As this writing reaches you, we (Unit 621) should have had our initial meeting with the County for a new salary contract. The circumstances surrounding these negotiations include staffing shortages, CARP, a global pandemic, fighting off curtailments, political infighting, the potential loss of contracts and jobs, and now inflation at historic levels.
The process is potentially lengthy and uncertain. However, given the fact that all contracts for County bargaining units are up and are being negotiated simultaneously, the County may feel the need to alleviate the logjam. That would be optimal but likely not practical.
Bonuses, inequities, a timely manner to conclude investigations, legislative protections, tenor and addressing documented concerns of station jailer staffing will be among the items specific to our bargaining unit.
After several months of inquiries, retirements and laterals, a new class of 40 was scheduled to begin their orientation on April 18.
Once negotiations begin, both parties will enter into a non-disclosure agreement. This is to protect the integrity of the process, and I ask that members exercise patience and understanding with team members, as they will be limited on what they can disclose. This is routine and has been a long-standing practice during negotiations.
On April 5, the Board of Supervisors voted to proceed to give DHR discipline authority over LASD employees. On April 6, PPOA Attorney Jim Cunningham was in court on behalf of PPOA members seeking a temporary restraining order (TRO), arguing that it posed an immediate hardship to our members. Through this process, the County is now on record stating they will not immediately seek to terminate employees, leading to the TRO not being granted. However, the judge has set a hearing for July for a preliminary injunction. Until then, there should be no notice of discipline issued to employees prior to this hearing. If any member is presented with disciplinary paperwork, they should contact PPOA or me as soon as possible.
Organizationally, these have been tough times. The act of meeting with the Department to deal with policies, messaging, discipline and being on the same page so that employees understand what is being asked of them and where they stand is all that we ask. Understanding why employees would face discipline if a mandate is not being enforced, companies asking employees for insurance information with no agreement and a testing mandate with no policy are all current events.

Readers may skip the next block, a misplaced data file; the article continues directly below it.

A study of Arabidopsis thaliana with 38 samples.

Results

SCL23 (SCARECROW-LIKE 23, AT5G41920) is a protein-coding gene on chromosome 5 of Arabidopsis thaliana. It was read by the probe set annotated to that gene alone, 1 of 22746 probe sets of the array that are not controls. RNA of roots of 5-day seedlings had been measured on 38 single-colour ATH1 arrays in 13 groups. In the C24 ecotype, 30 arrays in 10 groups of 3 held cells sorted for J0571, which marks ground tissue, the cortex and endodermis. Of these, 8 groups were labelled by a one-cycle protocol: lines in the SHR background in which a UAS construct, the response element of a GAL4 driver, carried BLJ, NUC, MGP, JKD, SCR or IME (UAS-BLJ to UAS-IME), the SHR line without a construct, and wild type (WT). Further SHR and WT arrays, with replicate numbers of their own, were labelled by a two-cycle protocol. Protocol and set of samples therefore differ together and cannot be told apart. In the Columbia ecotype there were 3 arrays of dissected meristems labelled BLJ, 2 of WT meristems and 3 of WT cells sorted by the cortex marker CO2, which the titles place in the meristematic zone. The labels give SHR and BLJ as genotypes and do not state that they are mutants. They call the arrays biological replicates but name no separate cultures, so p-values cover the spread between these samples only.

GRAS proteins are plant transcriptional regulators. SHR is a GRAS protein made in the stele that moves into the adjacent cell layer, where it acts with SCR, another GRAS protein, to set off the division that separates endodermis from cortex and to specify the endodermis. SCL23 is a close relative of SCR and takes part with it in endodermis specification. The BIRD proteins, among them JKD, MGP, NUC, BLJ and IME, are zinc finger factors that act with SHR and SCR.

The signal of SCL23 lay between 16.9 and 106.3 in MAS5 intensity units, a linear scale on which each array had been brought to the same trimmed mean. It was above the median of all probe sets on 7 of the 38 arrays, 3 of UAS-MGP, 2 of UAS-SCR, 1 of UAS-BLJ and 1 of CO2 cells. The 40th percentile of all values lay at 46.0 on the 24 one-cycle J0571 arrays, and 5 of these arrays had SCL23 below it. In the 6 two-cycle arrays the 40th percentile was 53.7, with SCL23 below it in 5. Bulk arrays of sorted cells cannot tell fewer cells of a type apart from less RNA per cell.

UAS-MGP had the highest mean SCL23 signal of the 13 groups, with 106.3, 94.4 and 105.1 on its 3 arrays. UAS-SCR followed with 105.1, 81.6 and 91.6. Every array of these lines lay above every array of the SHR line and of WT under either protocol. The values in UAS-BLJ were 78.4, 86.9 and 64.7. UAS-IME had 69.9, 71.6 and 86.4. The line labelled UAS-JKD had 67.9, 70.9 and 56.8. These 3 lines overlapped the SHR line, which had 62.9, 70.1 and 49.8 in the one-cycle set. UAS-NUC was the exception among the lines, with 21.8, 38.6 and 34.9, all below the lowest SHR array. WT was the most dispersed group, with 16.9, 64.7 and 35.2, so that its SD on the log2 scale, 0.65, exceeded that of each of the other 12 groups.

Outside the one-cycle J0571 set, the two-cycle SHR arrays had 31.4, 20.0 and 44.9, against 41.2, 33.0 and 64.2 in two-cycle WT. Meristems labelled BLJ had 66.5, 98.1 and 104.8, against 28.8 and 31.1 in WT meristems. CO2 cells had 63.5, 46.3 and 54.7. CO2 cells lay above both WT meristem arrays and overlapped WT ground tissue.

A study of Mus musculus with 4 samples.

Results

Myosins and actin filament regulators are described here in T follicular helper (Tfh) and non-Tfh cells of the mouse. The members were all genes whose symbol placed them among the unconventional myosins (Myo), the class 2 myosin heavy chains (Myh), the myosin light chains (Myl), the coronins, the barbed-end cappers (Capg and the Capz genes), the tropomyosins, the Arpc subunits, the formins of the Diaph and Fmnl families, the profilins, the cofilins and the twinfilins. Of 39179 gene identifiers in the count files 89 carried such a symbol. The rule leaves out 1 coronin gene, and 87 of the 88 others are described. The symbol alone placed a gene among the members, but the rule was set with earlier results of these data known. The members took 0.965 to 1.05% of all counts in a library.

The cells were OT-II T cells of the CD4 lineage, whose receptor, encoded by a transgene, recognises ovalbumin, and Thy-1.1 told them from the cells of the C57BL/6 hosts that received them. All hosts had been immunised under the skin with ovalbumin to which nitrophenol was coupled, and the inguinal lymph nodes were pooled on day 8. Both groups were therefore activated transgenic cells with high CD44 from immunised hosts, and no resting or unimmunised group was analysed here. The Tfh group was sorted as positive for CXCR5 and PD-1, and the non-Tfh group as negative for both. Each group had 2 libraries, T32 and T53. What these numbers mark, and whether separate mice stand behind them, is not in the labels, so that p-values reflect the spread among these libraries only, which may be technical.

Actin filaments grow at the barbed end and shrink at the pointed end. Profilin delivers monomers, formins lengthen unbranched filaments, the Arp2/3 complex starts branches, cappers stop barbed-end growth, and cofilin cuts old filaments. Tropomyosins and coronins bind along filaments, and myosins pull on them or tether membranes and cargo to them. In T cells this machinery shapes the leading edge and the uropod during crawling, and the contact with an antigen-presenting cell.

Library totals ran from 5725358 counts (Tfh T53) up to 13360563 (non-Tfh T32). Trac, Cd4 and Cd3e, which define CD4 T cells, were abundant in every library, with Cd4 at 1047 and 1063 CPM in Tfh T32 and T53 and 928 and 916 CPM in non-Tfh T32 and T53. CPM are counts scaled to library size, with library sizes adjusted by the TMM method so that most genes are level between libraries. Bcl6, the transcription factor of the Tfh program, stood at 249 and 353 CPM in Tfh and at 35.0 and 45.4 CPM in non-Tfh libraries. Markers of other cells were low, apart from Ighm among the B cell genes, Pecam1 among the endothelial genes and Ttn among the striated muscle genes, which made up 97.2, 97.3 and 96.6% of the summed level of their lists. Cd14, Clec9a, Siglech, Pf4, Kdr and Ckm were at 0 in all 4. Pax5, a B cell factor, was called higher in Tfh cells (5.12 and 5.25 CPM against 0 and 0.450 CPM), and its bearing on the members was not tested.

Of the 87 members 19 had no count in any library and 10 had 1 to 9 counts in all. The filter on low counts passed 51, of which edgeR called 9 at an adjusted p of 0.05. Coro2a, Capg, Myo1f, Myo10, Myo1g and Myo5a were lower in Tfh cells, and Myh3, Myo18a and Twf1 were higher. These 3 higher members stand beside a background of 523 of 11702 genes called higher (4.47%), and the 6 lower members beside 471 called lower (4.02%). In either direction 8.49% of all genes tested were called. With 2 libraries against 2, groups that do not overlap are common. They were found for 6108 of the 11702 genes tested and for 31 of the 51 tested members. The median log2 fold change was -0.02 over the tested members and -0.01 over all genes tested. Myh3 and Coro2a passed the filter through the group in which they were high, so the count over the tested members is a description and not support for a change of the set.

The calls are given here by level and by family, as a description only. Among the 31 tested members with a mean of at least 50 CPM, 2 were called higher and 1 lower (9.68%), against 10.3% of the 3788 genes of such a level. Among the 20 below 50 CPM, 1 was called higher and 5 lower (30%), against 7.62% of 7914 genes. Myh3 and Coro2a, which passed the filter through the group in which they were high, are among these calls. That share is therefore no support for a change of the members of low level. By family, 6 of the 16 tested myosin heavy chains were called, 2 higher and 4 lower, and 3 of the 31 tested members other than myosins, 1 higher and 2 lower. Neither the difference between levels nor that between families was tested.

Members have lost spots, colleagues have questioned each other’s choices, employee gyms have been segregated based on individual choices and misinformation has run rampant, and the lack of information is equally as troubling.
Media scrutiny, investigations, the loss of over 1,200 items and now the exodus of employees simply tired of the uncertainty is starting to strangle this Department, with Custody bearing the brunt of it with CARP, overtime and drafting.
And all of this is with the expectation that we show up and be professional and prepared to react to violence, medical or any situational emergency that arises.
TIME TO REINVEST
When I was fortunate enough to obtain this position on the PPOA Board, one of the goals was to have the Custody Assistant position seen and utilized as an avenue toward a career as a Deputy for those who desired that path. In other words, to have your service matter.
One of the major complaints at the time was that new hires were valued more than C/As currently working for the Department. My stance was and remains that a current Custody Assistant’s background was easier to do, with work history, evals and personnel files.
There was also the polygraph question. Why take another when you took one to get hired? That was eventually agreed upon that someone with three years of service or less applying for a sworn position would not have to take it again.
With multiple meetings between PPOA and the Department, a mutual understanding was reached to acknowledge that pulling from the natural resource that is a Custody Assistant was beneficial to LASD. Since then, C/A’s have gone on to DST academies at a quicker rate and in larger numbers.
But there is also a ripple effect. As our colleagues went to tan and green, our numbers began to dwindle. Overtime, drafting and CARP became increasingly more common as the Department had only hired 29 Custody Assistants over the last two years, while the last two sworn academies alone had taken 55.
However, reinforcements are on the way. After several months of inquiries, retirements and laterals, a new class of 40 was scheduled to begin their orientation on April 18. This was a long time coming and well needed.
It is far too soon to tell where this workforce will be deployed. Vacancies will be reviewed as this class nears graduation. For now, we wish them well and pray that all the recruits complete the Academy and get sworn in as Correctional Officers.
Remember when you were wide-eyed and inexperienced? Make yourselves available to impart your knowledge to them and help develop the next generation.
We are in frustrating and, at moments, uncertain times. With that being said, the job is getting done, and that is a testament to you all.
For those who may not often hear it: Thank you.